Inflammatory pathways, cytokine signaling, and inflammation-suppressive genes.

What we know: Cytokine signaling is a driver for pathogenic skin inflammation seen in psoriasis. This revelation has led to biologic treatment discovery and hope for people living with psoriasis. Furthermore, it has also led to the identification of skin-resident T cell populations that support recurrent disease.

What we do not know: The ‘how’ and ‘why’ of pathogenic pathways, including why these pathways are restrained between flares, or how the initial inflammatory activation is amplified in immune cells to such a level that skin lesions develop.

Working across the globe, Jeffrey Cheng, M.D., Ph.D., and Raymond Cho, M.D., Ph.D., both associate professors of dermatology at the University of California, San Francisco, along with a larger group of researchers, began to ask why those mechanisms failed to restrain the inflammation observed in conditions and diseases such as psoriasis. Using data from single-cell sequencing, they identified the ZIST program. Dr. Cho explains that ZIST is “a set of inflammation-suppressive genes that are turned off in the T cells that most robustly drive psoriasis.” More specifically, this research has identified “many inflammation-suppressing genes that we noted earlier as downregulated in psoriatic T cells were found in this set, including ZFP36, SOCS1, SOCS3, CCL22, and CD69, as well as the global quiescence enforcers BTG139 and TXNIP40. We thus termed these genes, which appear coherently suppressed in the highest cytokine-expressing single Th17/Tc17 cells, the ZFP36L2 inflammation-suppressive transcriptional program, or ZIST.”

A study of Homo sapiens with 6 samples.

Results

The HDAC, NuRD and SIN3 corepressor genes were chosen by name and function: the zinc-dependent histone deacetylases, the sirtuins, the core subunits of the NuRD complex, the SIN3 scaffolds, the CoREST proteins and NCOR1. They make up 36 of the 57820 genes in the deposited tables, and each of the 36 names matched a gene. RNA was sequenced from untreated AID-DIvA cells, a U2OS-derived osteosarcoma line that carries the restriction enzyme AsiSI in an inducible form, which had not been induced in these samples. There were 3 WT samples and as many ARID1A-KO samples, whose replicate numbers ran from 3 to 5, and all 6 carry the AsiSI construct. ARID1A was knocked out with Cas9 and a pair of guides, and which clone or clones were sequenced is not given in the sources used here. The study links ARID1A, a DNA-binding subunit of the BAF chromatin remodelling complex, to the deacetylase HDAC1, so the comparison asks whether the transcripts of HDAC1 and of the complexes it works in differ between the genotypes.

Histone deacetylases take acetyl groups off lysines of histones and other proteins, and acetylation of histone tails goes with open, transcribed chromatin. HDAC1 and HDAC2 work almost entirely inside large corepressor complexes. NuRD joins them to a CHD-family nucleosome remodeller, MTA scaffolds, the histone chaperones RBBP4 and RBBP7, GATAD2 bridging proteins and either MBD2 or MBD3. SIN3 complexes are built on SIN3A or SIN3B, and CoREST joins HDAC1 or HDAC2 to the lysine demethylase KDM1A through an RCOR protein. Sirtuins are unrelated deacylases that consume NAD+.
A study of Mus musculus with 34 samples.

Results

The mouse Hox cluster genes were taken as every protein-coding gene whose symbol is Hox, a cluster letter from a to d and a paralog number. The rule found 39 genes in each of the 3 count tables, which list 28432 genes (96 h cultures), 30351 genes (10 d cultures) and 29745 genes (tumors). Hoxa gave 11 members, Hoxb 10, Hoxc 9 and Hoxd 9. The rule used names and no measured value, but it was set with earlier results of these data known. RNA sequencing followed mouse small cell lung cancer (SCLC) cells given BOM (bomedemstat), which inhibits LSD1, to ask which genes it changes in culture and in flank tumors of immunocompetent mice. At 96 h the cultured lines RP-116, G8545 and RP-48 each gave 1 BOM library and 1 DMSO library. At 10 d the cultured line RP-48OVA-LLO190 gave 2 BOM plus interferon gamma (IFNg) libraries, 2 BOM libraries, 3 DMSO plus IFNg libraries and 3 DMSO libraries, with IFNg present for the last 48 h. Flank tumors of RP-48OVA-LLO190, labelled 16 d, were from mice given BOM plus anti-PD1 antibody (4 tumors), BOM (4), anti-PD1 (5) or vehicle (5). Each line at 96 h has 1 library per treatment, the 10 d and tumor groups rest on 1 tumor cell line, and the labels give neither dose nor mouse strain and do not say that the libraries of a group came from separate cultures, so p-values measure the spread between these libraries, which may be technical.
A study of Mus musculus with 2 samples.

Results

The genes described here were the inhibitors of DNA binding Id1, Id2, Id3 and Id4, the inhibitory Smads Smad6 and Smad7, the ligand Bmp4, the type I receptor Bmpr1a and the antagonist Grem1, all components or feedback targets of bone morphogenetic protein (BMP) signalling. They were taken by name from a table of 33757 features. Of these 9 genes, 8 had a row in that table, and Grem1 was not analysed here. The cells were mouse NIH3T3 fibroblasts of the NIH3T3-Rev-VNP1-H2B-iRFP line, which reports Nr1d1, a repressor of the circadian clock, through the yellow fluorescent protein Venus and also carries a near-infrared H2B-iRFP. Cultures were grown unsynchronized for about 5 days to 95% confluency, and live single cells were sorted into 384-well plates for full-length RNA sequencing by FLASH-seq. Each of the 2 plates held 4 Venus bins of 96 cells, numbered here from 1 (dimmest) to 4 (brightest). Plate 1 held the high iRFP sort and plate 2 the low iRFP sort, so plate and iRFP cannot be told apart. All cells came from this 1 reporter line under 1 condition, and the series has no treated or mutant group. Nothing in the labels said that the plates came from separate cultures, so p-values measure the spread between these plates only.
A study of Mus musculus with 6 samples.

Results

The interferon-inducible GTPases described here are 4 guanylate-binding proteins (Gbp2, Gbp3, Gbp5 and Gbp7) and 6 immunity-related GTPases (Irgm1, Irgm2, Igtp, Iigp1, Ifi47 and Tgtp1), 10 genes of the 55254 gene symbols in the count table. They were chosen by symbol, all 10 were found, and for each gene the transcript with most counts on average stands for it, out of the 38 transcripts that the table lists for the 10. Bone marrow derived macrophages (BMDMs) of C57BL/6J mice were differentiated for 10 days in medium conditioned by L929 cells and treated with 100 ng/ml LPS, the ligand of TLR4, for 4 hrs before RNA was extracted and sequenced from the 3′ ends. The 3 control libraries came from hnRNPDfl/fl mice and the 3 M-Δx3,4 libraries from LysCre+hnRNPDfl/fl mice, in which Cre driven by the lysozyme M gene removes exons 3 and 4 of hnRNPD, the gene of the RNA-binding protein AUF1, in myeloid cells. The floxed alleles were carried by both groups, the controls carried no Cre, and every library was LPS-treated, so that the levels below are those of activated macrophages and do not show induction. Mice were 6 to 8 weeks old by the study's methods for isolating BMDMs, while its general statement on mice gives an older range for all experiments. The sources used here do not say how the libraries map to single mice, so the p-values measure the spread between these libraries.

It is well understood that Th17/Tc17 cytokines play a central role in psoriasis development. Dr. Cho shares that “these regulators appear to normally suppress Th17/Tc17 transcript levels and translation to protein, making their absence a key pro-inflammatory state.”

According to this research recently published in Cell Reports Medicine, “Our findings reveal that ZIST inflammation-suppressive transcripts exist in a single-cell continuum. This gradient is then coordinately shifted downward in psoriatic lesions, relieving suppression of inflammation, and driving cytokine expression in the most ZIST-depressed subpopulation. In fact, we find that IL17F and IL26 expression emerges only in those psoriatic T cells whose ZIST expression is depressed below the range observed in normal control samples, underscoring the tight link between this gradient and pathogenic inflammation.” [1]

“While there is no question the Th17/Tc17 axis is the primary driver of most psoriasis, we are continuing to make key discoveries about how this axis is imperfectly restrained in psoriasis lesions,” shares Dr. Cho.

The National Psoriasis Foundation (NPF) is proud to help support this important research. Dr. Cheng is a NPF Discovery Grant recipient. “The overarching goal of my NPF discovery grant work was to use new single cell profiling approaches (with an emphasis on highly multiplexed immunofluorescence) to provide insight into molecular drivers of psoriasis. In parallel, we utilized the complementary method of single cell RNA-sequencing on psoriatic skin samples which allowed us to identify this ZIST suppressive program in psoriatic T cells,” Dr. Cheng says.